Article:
Women's Rights: Friday 20th February 2015
In Afghanistan there are hundreds of young women imprisoned for moral crimes: running away from forced marriages and domestic violence... or simply falling in love and marrying against a father's wishes. To Kill A Sparrow (24 min) is the story of Soheila, but it could be the story of any young Afghan woman. Soheila was only five years old when her father gave her away in marriage to an old man in compensation for her brother's crime of stealing the old man’s third wife. When Soheila ran away from this forced marriage, her father had her arrested and imprisoned. If she insists on making a life with the lover who helped her escape, her father and brother vow to track her down and kill her, "...even if she goes to America..."
Friday 20th February 2015, 1pm Glass Tank exhibition space.
With introduction by the filmmaker Zohreh Soleimani, an Iranian photojournalist who spent three years documenting the plight of women imprisoned in Afghanistan. She has reported on human rights issues, particularly those affecting women, for more than a decade.
Made in Dagenham (90 min) stars the award winning Sally Hawkins as Rita O'Grady who is the catalyst for the 1968 Ford Dagenham strike by 187 sewing machinists which led to the advent of the equal pay act. Working in impoverished conditions for long arduous hours which they must balance with their domestic lives, the women at the Ford Dagenham plant finally lose their patience when they are reclassified as unskilled. With humour, common sense and courage they take on their corporate paymasters, an increasingly belligerent local community, and finally the government itself.
Friday 20th February 2015, 3pm Main Lecture Theatre, Clerici.
Private Violence (80 min) is a feature-length documentary film and audience engagement campaign that explores a simple, but deeply disturbing fact of American life: the most dangerous place for a woman in America is her own home. Every day in the US, at least four women are murdered by abusive (and often, ex) partners. The knee-jerk response is to ask: “why doesn’t she just leave?” Private Violence shatters the brutality of this logic. Through the eyes of two survivors – Deanna Walters, a mother who seeks justice for the crimes committed against her at the hands of her estranged husband, and Kit Gruelle, an advocate who seeks justice for all women – we bear witness to the complicated and complex realities of intimate partner violence. Their experiences challenge entrenched and misleading assumptions, providing a lens into a world that is largely invisible; a world we have locked behind closed doors with our silence, our laws, and our lack of understanding.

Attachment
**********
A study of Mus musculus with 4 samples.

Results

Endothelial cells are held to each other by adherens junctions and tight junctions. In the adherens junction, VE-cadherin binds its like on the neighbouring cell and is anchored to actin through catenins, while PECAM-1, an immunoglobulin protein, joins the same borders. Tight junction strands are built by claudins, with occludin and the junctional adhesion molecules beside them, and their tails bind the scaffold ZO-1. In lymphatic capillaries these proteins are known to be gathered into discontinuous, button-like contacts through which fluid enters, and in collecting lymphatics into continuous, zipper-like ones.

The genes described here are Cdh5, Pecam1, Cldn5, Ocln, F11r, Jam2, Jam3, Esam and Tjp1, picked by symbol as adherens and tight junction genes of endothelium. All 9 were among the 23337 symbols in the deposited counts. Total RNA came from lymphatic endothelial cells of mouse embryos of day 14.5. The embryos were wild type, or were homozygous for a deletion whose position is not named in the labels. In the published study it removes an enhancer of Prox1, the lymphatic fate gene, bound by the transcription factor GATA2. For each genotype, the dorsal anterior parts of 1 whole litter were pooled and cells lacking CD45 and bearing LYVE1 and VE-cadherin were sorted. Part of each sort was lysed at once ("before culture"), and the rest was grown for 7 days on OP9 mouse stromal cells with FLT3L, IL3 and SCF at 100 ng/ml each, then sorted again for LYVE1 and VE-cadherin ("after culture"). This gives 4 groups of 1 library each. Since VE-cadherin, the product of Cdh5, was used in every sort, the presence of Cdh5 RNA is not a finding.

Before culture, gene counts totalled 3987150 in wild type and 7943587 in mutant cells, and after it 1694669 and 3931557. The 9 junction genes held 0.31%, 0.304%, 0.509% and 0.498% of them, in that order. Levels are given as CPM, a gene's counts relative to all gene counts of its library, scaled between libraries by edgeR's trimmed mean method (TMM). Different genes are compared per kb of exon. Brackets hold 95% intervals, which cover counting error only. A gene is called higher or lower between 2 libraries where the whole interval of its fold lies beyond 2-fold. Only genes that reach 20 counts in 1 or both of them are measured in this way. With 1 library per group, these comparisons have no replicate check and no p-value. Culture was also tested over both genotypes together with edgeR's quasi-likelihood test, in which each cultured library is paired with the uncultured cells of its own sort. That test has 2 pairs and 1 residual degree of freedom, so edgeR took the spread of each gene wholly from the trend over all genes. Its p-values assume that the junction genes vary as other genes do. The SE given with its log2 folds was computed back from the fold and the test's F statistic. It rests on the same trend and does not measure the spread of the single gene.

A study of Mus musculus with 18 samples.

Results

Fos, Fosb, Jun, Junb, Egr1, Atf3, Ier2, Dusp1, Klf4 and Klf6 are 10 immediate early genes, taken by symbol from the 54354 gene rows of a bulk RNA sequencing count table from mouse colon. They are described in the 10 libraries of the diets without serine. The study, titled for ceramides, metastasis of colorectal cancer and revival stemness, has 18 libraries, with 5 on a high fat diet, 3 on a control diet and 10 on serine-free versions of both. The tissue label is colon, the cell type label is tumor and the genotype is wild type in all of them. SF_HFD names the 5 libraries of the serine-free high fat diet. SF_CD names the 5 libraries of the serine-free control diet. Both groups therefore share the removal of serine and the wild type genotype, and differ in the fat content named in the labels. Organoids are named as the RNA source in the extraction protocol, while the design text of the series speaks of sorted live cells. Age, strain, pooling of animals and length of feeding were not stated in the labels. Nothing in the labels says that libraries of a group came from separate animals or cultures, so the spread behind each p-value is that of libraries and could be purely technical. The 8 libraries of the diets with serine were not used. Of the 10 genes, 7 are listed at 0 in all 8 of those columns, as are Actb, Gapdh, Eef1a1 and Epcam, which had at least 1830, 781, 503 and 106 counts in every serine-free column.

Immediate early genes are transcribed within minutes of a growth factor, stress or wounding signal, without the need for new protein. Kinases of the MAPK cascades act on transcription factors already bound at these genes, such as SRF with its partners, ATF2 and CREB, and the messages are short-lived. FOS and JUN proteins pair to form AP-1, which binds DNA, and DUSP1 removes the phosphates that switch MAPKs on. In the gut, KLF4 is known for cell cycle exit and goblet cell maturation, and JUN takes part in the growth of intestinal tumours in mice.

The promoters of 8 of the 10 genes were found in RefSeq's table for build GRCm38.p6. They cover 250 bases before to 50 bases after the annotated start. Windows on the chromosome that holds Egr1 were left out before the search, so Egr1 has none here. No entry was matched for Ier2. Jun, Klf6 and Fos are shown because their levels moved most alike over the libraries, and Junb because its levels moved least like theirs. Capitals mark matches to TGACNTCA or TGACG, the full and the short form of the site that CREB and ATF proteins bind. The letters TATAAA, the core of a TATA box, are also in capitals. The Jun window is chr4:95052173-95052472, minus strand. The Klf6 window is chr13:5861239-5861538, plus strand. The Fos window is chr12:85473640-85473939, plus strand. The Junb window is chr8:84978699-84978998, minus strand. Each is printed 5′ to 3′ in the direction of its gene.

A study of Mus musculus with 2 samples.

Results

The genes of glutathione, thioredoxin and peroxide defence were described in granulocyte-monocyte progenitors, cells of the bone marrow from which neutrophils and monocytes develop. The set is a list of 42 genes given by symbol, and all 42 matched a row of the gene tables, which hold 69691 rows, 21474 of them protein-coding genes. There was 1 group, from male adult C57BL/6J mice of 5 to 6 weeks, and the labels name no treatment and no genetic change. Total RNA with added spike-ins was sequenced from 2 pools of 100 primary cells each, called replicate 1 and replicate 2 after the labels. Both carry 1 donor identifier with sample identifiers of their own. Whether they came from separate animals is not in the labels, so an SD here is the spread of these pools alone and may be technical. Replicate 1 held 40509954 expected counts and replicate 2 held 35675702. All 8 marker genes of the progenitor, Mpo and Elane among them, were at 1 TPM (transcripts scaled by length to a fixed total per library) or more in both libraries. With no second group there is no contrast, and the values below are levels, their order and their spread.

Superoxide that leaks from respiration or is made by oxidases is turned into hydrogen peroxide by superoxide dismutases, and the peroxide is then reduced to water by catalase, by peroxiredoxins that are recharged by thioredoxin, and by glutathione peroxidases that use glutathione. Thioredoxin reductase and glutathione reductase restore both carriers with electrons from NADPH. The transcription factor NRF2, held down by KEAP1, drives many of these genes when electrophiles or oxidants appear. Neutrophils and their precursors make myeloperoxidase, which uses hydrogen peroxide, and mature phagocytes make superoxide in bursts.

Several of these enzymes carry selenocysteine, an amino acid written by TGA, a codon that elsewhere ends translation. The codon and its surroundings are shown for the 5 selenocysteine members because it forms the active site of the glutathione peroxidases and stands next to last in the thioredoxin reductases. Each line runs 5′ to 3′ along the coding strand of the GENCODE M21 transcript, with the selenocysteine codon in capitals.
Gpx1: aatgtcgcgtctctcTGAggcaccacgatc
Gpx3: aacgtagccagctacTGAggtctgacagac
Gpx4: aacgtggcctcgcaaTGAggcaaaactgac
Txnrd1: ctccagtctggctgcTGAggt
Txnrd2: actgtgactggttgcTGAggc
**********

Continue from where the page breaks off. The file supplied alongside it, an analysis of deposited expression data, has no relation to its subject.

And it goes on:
Friday 20th February 2015, 7pm Chakrabarti Room, JHBB.
Followed by a panel discussion featuring:
Michelle Charlesworth has been a Team Leader for ODAS (Oxfordshire Domestic Abuse Service) / WBDAS (West Berkshire Domestic Abuse Service) for the last 3 years, managing 2 refuges, the Helpline service and domestic abuse support workers in 2 counties, viz Oxfordshire and West Berkshire. Michelle has also worked supporting clients in refuge and on the Helpline and is a Women’s Aid accredited DAPA (Domestic Abuse Prevention Advocate). Michelle presents the Domestic Abuse Champions Network training in West Berks.
Marylin Anderson has been a qualified registered social worker for 21 years. She is proud of her social work routes and as such keeps herself involved in this by Continuous professional development and supervising student social workers at ODAS. 2011 she successfully completed a post graduate diploma at the Tavistock Clinic in Higher Advanced Social Work, Leadership and Management Children, Young People and their Families. She has worked in various roles but predominantly in the substance mis-use field and for the past 9 years in the Domestic Abuse sector. She is currently a Team Leader in ODAS managing most of the Oxfordshire refuges, Outreach and Childrens Service.
Suzanne Watts is a registered nurse and health visitor with experience of working in practice, education and research. She is currently studying for a PhD in Psychology at Oxford Brookes.
Dr. Kathleen M. Quinlan, poet, social scientist and teacher at the University of Oxford. Ahead of the screening Kathleen will be reading from her pamphlet, From We to I, which deals with domestic violence and was runner-up for the Cinnamon Press Poetry Collection Award. Her poetry has been placed in numerous literary magazines on both sides of the Atlantic and she has also published poems in several social science academic journals.